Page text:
When the night comes, a young woman taking care of two children in a big house will have to cope with a strange presence.


Bhargav Saikia’s ‘Awakenings’ has the rare ability to make you shiver with fright in just around 13 minutes. If it sounds like a race to deliver the chills, believe it, it’s not! The young director does his job with extreme patience and it is obvious he has the power to remain loyal to his original cinematographic vision – that vision that one has before even starting to film.


Awakenings’, though, stands out not (only) through its ‘frightening’ appearance but first of all through its refined, sophisticated ‘design’ of horror. The horror in Bhargav Saikia’s film is not due to just some frightening beings – usually made up specifically for this kind of a story – but to some mystical connection between them, the history of the house and the characters’ background.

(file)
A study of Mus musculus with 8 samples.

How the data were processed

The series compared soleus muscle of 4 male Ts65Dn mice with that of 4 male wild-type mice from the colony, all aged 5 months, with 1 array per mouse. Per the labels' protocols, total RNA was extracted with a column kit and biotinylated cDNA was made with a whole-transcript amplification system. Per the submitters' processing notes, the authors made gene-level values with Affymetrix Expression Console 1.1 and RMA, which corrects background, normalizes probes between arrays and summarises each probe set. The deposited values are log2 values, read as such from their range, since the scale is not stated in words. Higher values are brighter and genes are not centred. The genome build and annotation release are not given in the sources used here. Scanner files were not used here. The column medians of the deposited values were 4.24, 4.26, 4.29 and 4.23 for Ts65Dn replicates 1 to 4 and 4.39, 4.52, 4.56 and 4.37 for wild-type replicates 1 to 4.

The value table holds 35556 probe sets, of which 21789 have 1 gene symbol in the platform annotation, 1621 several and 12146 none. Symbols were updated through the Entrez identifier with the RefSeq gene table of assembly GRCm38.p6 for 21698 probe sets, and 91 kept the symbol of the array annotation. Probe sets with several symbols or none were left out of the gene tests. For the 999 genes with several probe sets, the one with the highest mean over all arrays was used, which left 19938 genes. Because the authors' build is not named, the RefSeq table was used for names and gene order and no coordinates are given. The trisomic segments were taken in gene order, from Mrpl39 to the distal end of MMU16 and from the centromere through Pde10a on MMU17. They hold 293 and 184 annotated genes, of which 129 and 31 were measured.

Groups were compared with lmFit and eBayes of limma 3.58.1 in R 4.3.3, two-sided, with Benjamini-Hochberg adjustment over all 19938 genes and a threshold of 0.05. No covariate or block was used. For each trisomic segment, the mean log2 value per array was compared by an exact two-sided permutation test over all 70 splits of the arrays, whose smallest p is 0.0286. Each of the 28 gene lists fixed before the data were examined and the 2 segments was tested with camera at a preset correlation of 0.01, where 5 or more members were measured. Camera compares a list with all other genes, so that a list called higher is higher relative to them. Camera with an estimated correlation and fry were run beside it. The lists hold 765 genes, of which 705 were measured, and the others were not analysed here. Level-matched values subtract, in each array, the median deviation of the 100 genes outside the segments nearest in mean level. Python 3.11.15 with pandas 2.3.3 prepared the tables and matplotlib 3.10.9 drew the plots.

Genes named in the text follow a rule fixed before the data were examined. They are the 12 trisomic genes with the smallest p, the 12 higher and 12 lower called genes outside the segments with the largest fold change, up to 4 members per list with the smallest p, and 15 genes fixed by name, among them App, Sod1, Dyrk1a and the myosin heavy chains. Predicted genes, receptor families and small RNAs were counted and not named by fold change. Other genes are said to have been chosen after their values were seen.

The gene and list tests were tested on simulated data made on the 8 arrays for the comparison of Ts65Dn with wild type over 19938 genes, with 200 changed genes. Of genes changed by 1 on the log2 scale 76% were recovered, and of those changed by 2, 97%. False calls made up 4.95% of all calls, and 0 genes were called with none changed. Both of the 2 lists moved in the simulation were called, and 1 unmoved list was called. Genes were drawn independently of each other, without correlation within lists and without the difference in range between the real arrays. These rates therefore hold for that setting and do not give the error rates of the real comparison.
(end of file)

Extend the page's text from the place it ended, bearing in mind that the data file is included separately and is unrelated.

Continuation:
Everything in Awakenings’ leaves the impression it is connected to a deeper sense of the reality which makes it feel occult. The elevated music and the neat accurate cinematography engineer an authentic mood, while characters playing well the humane simplicity make a great contrast with the ‘unusual’, helping enhancing the feelings of terror when the ‘awakenings’ take place.


Bhargav Saikia’s film, through its refined inclination towards the occult side of reality, surely makes a discordant note among short films of the same genre. ‘Awakenings’ manages to be a well-bred, entertaining and not least a scary view.